Mai Chen

Public and employment law specialist Mai Chen on current events

Mai Chen: Govt faced with uncomfortable water precedents

The river ... was a living taonga or treasure. Photo / File photo

Today, the Maori claimants will start to close their urgent claim into water and geothermal resources, which means the next development will be the Waitangi Tribunal's report and recommendations.

The tribunal will have to take account of past decisions, which include those recognising Maori rights to rivers and water.

In 1896, the Maori Land Court vested the Poroti Springs, in the Whangarei region, in six Maori owners. This was a significant recognition of Maori customary rights as it coincided with a period when lands were being alienated at a rapid rate through the Maori Land Court.

Then, in 1960, the Governor-General designated the springs and surrounding land as a Maori Reservation for the purpose of water supply for the common use and benefit of the local hapu.

In 1929, in a decision that the Waitangi Tribunal has revered as "one of the most perceptive judgments in the legal history of our country", Judge Acheson determined that Maori owned Lake Omapere and "that Maori custom and usage recognised full ownership of lakes themselves".

In 1998, the Waitangi Tribunal's Ika Whenua Report supported these precedents by finding that Maori ownership or property rights in rivers can be described as "being the right of full and unrestricted use and control of the waters".

In its 1999 Whanganui River report, the tribunal recommended the Maori claimant right of ownership in the river should be recognised in legislation without reference to the English legal conception of riverbed ownership. It reasoned that this was because the river, according to the Maori worldview, was a living taonga or treasure and an indivisible whole.

Comments of the Court of Appeal in the 2003 Ngati Apa case, which led to the Labour Government's controversial (and now repealed) foreshore and seabed legislation, support the findings that the law should recognise Maori customary rights in accordance with Maori custom.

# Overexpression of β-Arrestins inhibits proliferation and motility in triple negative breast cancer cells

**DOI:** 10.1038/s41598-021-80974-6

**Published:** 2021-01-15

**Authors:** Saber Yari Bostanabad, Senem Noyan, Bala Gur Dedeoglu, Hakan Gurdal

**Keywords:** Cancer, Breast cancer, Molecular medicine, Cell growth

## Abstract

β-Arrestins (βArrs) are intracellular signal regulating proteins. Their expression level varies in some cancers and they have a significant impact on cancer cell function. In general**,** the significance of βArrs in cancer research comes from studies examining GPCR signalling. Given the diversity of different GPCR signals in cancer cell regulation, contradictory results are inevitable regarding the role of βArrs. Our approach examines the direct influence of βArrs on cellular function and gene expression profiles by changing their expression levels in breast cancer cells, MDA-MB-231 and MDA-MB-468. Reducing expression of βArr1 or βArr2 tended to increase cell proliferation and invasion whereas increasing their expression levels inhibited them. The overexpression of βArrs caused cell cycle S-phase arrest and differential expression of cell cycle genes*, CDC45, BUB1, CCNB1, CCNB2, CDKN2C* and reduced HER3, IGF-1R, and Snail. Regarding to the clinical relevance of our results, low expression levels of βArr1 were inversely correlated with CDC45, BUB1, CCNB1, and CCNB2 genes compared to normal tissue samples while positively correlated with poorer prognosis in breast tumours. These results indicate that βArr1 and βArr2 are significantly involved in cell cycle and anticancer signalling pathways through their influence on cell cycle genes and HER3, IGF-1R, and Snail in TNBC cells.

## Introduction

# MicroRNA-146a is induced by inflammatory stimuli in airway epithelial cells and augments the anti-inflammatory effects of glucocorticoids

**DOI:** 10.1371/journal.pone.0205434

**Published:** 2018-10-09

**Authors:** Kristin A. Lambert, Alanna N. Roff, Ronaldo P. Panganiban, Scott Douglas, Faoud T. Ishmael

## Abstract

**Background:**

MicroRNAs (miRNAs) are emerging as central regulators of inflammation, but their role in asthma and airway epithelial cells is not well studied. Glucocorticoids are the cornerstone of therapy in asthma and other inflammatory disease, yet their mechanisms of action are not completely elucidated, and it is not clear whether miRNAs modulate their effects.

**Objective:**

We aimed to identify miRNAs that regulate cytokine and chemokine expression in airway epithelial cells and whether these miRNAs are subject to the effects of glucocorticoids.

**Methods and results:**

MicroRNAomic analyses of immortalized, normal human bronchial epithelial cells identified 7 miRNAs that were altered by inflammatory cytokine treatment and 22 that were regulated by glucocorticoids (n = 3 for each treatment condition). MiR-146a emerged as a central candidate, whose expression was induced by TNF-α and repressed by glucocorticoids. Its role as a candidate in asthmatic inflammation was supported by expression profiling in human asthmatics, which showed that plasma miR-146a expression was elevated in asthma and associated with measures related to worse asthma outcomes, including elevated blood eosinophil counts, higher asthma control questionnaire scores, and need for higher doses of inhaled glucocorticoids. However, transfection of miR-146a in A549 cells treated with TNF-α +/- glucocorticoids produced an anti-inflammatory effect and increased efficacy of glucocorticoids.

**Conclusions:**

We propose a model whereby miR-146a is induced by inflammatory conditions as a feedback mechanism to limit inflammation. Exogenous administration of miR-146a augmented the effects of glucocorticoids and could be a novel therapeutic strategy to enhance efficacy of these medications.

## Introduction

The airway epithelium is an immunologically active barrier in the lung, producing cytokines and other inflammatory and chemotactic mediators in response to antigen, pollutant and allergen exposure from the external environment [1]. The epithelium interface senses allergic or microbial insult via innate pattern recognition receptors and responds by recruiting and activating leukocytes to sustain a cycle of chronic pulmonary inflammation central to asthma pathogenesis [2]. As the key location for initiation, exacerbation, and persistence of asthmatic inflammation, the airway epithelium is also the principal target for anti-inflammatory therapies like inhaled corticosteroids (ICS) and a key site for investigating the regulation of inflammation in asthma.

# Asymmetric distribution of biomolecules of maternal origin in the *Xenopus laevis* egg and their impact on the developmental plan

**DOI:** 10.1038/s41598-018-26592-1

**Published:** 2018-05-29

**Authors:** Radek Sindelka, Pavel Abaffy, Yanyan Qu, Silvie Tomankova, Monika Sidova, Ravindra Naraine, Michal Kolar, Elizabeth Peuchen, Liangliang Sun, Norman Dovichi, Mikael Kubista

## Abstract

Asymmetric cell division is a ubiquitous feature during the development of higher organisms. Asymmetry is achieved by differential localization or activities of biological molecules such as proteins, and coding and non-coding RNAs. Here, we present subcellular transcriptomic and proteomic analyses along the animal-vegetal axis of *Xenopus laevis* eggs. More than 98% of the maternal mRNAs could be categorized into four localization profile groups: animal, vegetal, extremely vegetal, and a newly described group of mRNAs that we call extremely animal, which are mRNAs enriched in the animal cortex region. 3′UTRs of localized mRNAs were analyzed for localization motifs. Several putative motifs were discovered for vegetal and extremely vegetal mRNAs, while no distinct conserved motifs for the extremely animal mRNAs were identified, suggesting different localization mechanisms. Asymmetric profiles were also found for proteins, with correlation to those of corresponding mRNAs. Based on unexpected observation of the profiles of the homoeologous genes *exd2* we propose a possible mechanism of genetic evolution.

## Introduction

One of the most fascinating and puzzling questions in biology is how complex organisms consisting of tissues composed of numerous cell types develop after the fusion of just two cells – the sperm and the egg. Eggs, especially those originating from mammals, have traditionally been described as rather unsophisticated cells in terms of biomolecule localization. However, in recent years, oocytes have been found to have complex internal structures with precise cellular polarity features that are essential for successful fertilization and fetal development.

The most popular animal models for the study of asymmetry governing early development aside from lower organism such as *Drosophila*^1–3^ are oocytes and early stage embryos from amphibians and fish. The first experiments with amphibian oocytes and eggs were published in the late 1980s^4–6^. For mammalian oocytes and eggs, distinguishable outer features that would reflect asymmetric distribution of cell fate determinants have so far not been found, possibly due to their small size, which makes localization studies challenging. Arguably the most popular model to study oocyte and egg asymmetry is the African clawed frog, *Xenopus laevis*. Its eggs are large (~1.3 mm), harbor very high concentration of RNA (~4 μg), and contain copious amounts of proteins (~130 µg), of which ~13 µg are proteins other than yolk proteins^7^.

Crown counsel's opening submissions last week were that Maori do have rights and interests in water; however this did not go so far as to extend to a property right or interest.

A Crown witness disclosed a 2009 letter where the Prime Minister had made an express promise to a small group of influential iwi leaders that the issue of "property" rights and interests in water would be on the agenda for discussions between iwi leaders and the Crown.

A further Crown witness from the Office of Treaty Settlements conceded that to sell down shares in the power companies, when Maori rights to water and geothermal resources had not yet been determined, would be a breach of the Treaty.

The Crown has consulted directly with some, but not all, iwi and not with hapu. The interests of those Maori who already have balance sheets and those who do not starts to diverge.

Yet the Paki case in the Supreme Court that I wrote about on July 9 found that the section of riverbed claimed by the hapu had not been vested in the Crown, leaving the door open for recognition of hapu rights and interests. This was a hapu and not an iwi. The crux of the issue is what is meant by "ownership" and how rights to fresh water are managed and allocated. In the tribunal, the Maori Council argues that the Crown has effectively assumed ownership of water by establishing and controlling the water use rights regime under the Resource Management Act 1991.

The Crown has assumed the right to grant resource consents for water permits. And now the Crown, as a non-owner, will commercially benefit from those control rights under the proposed partial sale of the state-owned power companies.

These energy SOEs hold various water consents relating to power generation. A 2005 High Court decision (Aoraki Water Trust v Meridian Energy) held in effect that water consents are akin to property rights in water because in many cases they grant exclusive rights to use that water resource. And these are consents that run for up to 35 years.

However the Crown decides to settle Maori claims to water, these existing consents will be difficult, if not impossible, to disturb.

Tribunal presiding officer Chief Judge Wilson Issac asked pointed questions of Crown witnesses about the reliance of the energy SOEs on these water rights. The fact is that energy SOEs, and their Government shareholder, derive significant commercial advantages from the consent regime. Yet the claimants argue that there is little quid pro quo for iwi and hapu that claim rights akin to ownership of these waterways.

You cannot challenge Parliament's right to enact laws such as the Resource Management Act in the courts but you can in the Waitangi Tribunal, as a breach of the Treaty.

The unenviable position for the Crown to navigate is that there have been acknowledgments by the Government, and a legal history that recognises various forms of property rights and interests held by Maori in water. Any recommendations the tribunal makes, even if non-binding, will likely force the Crown to deal with the existing legal precedent.

Mai Chen, author of Public Law Toolbox, is a partner in Chen Palmer which advises clients on Waitangi Tribunal claims.